Music from Car Commercials: “Release Me”


“Release Me,” a 2007 single by Oh Laura, was featured in a Saab commercial calling for the ‘release’ of the power of nature (biopower). It seems fitting that off-beat Saab would choose not only a Swedish band, but an indie band as well.

Fast Tube by Casper

Lowe Brindfors, an ad agency in Stockholm, came up with the concept to promote the brand’s leadership in forced induction and biofuels while lending it a degree of much-needed emotional depth.

The 40-second clip presented Oh Laura to an international audience, catapulting the band to platinum sales and widespread popularity in Australia, Scandinavia, and the UK. The song was not, unfortunately, released or promoted in the United States. However, the 11-track imported album, “A Song Inside My Head, a Demon in My Bed,” is available from Amazon for $9.

The album’s other offerings are certainly pleasant enough but fail to deliver anything groundbreaking, swimming around in luke warm country-rock soup. Frida Ohrn’s vulnerable, engaging vocals, which bear a strong resemblance to Christina Perri and Alanis Morisette, feel terribly underutilized on most recordings.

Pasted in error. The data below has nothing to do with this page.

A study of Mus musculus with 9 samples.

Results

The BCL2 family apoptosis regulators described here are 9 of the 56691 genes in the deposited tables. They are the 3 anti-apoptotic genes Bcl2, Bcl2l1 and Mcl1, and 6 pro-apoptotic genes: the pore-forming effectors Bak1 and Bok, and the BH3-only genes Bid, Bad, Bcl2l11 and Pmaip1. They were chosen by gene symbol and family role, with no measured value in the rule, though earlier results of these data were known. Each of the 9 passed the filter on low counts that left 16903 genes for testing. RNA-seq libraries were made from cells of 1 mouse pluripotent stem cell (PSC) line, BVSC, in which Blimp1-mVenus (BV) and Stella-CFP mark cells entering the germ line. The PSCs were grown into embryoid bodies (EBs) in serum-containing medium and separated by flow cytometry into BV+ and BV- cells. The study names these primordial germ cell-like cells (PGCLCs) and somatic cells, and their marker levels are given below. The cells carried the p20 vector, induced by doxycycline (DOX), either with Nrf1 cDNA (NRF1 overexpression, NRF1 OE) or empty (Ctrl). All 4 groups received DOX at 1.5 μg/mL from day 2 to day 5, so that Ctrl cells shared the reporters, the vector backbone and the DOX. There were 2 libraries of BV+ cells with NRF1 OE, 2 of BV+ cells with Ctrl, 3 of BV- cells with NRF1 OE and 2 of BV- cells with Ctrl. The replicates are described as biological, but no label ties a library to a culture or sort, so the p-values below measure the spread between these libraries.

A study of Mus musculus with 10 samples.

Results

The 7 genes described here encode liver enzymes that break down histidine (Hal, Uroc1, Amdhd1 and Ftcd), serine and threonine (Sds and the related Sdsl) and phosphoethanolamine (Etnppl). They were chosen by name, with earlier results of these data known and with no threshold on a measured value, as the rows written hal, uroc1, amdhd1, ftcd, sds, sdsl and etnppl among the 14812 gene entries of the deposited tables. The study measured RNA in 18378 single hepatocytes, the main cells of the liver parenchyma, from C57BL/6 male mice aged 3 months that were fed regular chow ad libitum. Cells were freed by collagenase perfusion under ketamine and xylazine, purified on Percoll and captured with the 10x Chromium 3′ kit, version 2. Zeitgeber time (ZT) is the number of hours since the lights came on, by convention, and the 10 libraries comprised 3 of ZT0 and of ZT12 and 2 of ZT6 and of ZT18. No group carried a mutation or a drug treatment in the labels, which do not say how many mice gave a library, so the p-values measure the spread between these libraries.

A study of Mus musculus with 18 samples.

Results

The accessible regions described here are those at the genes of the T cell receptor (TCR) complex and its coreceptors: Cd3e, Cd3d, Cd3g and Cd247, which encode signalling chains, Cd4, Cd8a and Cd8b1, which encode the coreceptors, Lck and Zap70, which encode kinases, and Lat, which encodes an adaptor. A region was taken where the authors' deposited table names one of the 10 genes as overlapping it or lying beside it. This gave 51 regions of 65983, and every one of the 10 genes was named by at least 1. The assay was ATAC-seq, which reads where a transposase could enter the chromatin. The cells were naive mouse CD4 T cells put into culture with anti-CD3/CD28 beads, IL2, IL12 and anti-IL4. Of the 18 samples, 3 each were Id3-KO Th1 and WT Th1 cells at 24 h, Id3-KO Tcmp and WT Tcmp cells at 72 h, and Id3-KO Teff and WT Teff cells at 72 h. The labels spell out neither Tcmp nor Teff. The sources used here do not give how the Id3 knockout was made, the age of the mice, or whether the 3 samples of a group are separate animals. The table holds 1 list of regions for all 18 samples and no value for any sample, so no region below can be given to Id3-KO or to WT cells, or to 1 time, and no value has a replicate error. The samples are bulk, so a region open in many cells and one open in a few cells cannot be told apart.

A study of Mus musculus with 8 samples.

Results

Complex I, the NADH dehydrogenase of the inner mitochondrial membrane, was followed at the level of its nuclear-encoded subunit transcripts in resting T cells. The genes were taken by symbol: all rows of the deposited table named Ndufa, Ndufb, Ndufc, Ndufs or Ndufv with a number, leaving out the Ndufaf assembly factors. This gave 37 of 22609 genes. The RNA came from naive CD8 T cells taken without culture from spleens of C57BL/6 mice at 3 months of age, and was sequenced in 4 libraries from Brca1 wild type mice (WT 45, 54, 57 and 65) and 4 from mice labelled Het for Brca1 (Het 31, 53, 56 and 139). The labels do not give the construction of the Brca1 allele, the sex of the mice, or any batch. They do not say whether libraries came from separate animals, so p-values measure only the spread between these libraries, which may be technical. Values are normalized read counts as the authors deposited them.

Saab was always a brand that attracted analytical types — architects, professors, economists, and engineers. While the marque enjoyed a depth of loyalty envied by most of the industry, it lacked the mainstream emotional appeal that brands like Chevrolet, Cadillac, and BMW enjoyed.

Fast Tube by Casper

“Move Your Mind” and “The Most Intelligent Cars Ever Built” were 1980s slogans that won over a wealthy and well-educated demographic, but nothing tugged at the heart strings until 2007’s “Release Me.” Some consider the song a story about Saab itself, shackled under the bureaucratic management of a careless, directionless General Motors.

Unfortunately, like a captive animal released into the wild, Saab died just two years after declaring its independence from GM.

Here’s the music video for “Release Me”:

Fast Tube by Casper


Album Rating: 4.5/10 — It’s background music for a coffee shop.

Ad Rating: 9/10 — Between the awkward sterility of “Welcome to the State of Independence” and the abject absurdity of “Born From Jets”, Saab finally found a way to present itself to the masses, too little too late.